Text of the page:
Miss Army Contest Seeks Beauty and Bravery

MTLarisa Pogosova taking aim at a shooting range at the elite Tamanskaya division on Wednesday during the marksmanship section of the "Beauty in Epaulets" contest.
KALININETS, Moscow Region -- Holding a leopard skin bag in one hand, with her long blond hair cascading down her shoulders, Alla Terentyeva waited in full uniform by the T-80 tank.

Around her, soldiers in the elite Tamanskaya division gallantly offered hands to help the Space Forces sergeant, with her fondness for blue eye shadow, up onto the tank.

It was an odd day at the army base outside Moscow as 16 of the supposedly brightest and prettiest of the armed forces took part in "Krasavitsa v Pogonakh" or "Beauty in Epaulets," a beauty competition that aims to attract more women to the Russian army.

While some were heavily made up, showing off shoulder-length dyed hair and tottering on heels so sharp they could be classified as secret weapons, the majority smartly wore their unit's uniform of paratrooper, intelligence or Space Forces with freshly polished army boots you could see your reflection in.

The odd mix of femininity and soldiering was reflected in the competition and the patronizing attitude of every male soldier around.

Still, most of the contestants seemed to accept the situation.

The Russian army has one of the highest numbers of women soldiers in the world, according to Sergei Rykov, a professor at a military university who wrote his dissertation on women in the Russian military. Eight percent of the army is female, a figure only beaten by the United States and Israel, but the majority of Russian female soldiers are employed in logistics far away from the firing line.

As of last year women accounted for 100,000 of the 1.1 million in the armed forces. More than 3,500 of those were officers, including more than 150 colonels and 500 majors. Most of the officers served in medical units, with signal corps and financial sections in second and third place. Eight hundred of the women soldiers have taken part in combat, with 200 decorated for their bravery in Russia's first war in Chechnya.

While the 16 female soldiers Wednesday grabbed their Makarov pistols for shooting targets from 25 meters, the need for ballroom dresses loomed in the back of their minds as the next part would focus more on the woman than the soldier. Apart from their shooting skills, the women will be tested on their singing, ballroom dancing and cooking skills.

"Something like a salad," said one organizer when asked what they will be asked to cook.

The competition will continue in the Russian army theater on Thursday and Friday.

Before the shooting competition, the contestants were shown around the base's museum and allowed to clamber on tanks to pose for photographs, a rare instance for them as the Russian army does not let women drive tanks.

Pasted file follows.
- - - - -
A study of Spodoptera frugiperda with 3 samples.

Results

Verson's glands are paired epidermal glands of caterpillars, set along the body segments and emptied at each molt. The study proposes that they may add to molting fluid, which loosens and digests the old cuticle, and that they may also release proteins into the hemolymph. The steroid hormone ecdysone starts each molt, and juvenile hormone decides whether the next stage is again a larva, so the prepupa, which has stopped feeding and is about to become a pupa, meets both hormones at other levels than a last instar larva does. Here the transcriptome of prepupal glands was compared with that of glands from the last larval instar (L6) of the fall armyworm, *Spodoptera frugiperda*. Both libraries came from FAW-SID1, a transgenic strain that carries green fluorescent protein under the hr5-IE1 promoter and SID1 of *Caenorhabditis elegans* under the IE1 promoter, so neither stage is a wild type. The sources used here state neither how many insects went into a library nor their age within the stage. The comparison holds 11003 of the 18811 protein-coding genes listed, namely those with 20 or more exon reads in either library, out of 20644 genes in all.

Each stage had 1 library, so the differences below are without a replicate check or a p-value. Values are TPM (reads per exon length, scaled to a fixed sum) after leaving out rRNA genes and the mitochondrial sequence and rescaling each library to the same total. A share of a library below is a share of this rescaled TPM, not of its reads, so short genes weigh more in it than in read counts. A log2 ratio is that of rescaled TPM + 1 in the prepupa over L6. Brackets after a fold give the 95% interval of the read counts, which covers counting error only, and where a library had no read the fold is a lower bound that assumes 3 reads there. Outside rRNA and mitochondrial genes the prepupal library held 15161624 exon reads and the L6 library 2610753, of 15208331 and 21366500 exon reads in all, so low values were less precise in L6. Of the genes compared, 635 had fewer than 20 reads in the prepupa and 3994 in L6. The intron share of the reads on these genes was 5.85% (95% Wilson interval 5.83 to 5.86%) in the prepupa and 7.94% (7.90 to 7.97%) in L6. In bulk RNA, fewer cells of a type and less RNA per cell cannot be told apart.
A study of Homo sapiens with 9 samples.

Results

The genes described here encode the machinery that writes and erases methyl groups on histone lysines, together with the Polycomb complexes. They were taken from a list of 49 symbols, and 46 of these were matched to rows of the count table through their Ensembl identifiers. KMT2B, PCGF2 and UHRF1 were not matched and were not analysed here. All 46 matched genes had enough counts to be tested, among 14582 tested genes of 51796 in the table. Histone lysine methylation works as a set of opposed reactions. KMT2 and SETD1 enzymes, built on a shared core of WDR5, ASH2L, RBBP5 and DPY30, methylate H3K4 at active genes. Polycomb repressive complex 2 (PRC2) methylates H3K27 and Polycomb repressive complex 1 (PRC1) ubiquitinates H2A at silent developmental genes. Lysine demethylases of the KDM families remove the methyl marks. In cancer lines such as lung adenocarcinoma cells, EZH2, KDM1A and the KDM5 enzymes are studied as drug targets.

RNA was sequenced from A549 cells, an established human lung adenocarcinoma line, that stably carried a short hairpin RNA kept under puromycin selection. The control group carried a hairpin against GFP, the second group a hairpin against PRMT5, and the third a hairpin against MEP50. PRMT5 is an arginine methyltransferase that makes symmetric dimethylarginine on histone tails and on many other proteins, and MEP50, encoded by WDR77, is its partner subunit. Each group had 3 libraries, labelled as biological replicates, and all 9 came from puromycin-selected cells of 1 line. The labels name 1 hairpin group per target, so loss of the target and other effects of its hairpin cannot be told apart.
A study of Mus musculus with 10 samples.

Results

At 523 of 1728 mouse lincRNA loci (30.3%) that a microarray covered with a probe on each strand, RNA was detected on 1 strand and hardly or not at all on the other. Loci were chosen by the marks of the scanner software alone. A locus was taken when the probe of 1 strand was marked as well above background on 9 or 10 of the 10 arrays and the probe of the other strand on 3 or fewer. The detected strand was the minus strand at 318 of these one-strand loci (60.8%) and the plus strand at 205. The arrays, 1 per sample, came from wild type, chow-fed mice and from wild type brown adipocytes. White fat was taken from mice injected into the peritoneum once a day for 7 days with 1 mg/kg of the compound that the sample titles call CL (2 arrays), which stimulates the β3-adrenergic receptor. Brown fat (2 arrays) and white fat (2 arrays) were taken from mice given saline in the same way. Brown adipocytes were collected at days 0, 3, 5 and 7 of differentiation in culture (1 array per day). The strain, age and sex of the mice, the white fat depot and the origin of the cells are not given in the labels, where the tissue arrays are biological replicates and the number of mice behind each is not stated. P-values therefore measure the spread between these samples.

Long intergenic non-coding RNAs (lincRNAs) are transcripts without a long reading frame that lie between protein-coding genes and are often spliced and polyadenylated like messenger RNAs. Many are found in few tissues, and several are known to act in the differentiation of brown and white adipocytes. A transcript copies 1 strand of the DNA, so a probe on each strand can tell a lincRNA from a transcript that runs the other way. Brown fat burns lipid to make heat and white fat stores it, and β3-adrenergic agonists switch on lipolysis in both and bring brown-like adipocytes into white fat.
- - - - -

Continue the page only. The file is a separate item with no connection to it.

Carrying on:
Vladimir Filonov / MT

Miss Army contestants being helped off of a tank after posing for photographers.



Soldiers of the Tamanskya division put on a show Wednesday at their shooting range, throwing grenades as they shot their way across a range dotted with ruined buildings. As the orange and black smoke cleared from the range, the contestants lined up excitedly for a go, even if some of them had trouble holding the automatic rifles the right way.

When asked by a reporter what a woman's role in the army was, Larisa Pogosova said, "To decorate it."

Her official job is with an elite army intelligence unit based somewhere in the North Caucasus.

Although the women seemed happy to accept the sweet words on beauty and their feminine side that rained down from army officers, for the majority of them, the job is a career and they would like the chance to do more.

"By law you can do anything, but in reality it is different," said one, as she watched the division throw smoke bombs, "Our army is not ready for us to serve on the same level."

Tatyana Larina, the namesake of Pushkin's heroine in Yevgeny Onegin, a fresh-faced 22-year-old who works in the Signals Corp in Moscow and came second in the shooting competition, said she would love to do more in the army.

Although the ministry's stated aim is to attract women to an army that is steadily losing male recruits, few of those at the division seemed to be keen on expanding a woman's role.

"It's not women's work," said Vladimir, a soldier who had just taken part in the demonstration. Other soldiers made fun of the way the women ran with the automatic rifles.

"Woman are a decoration," said Vitaly Gusak, spokesman for the Moscow Military District.

When asked about the number of women in the U.S. Army, he swiftly responded "Perhaps there aren't enough men there."

Unreconstructed males in the Russian army can hardly be classified as a surprise to anyone, but the prize for comment of the day went to captain Yury Nuzhdin of the Tamanskaya division.

After reading out the results of the shooting contest, Nuzhdin handed out the prize, a small, white pennant, saying "Take this pennant and hang it in the kitchen so that the food for your husband will be very tasty."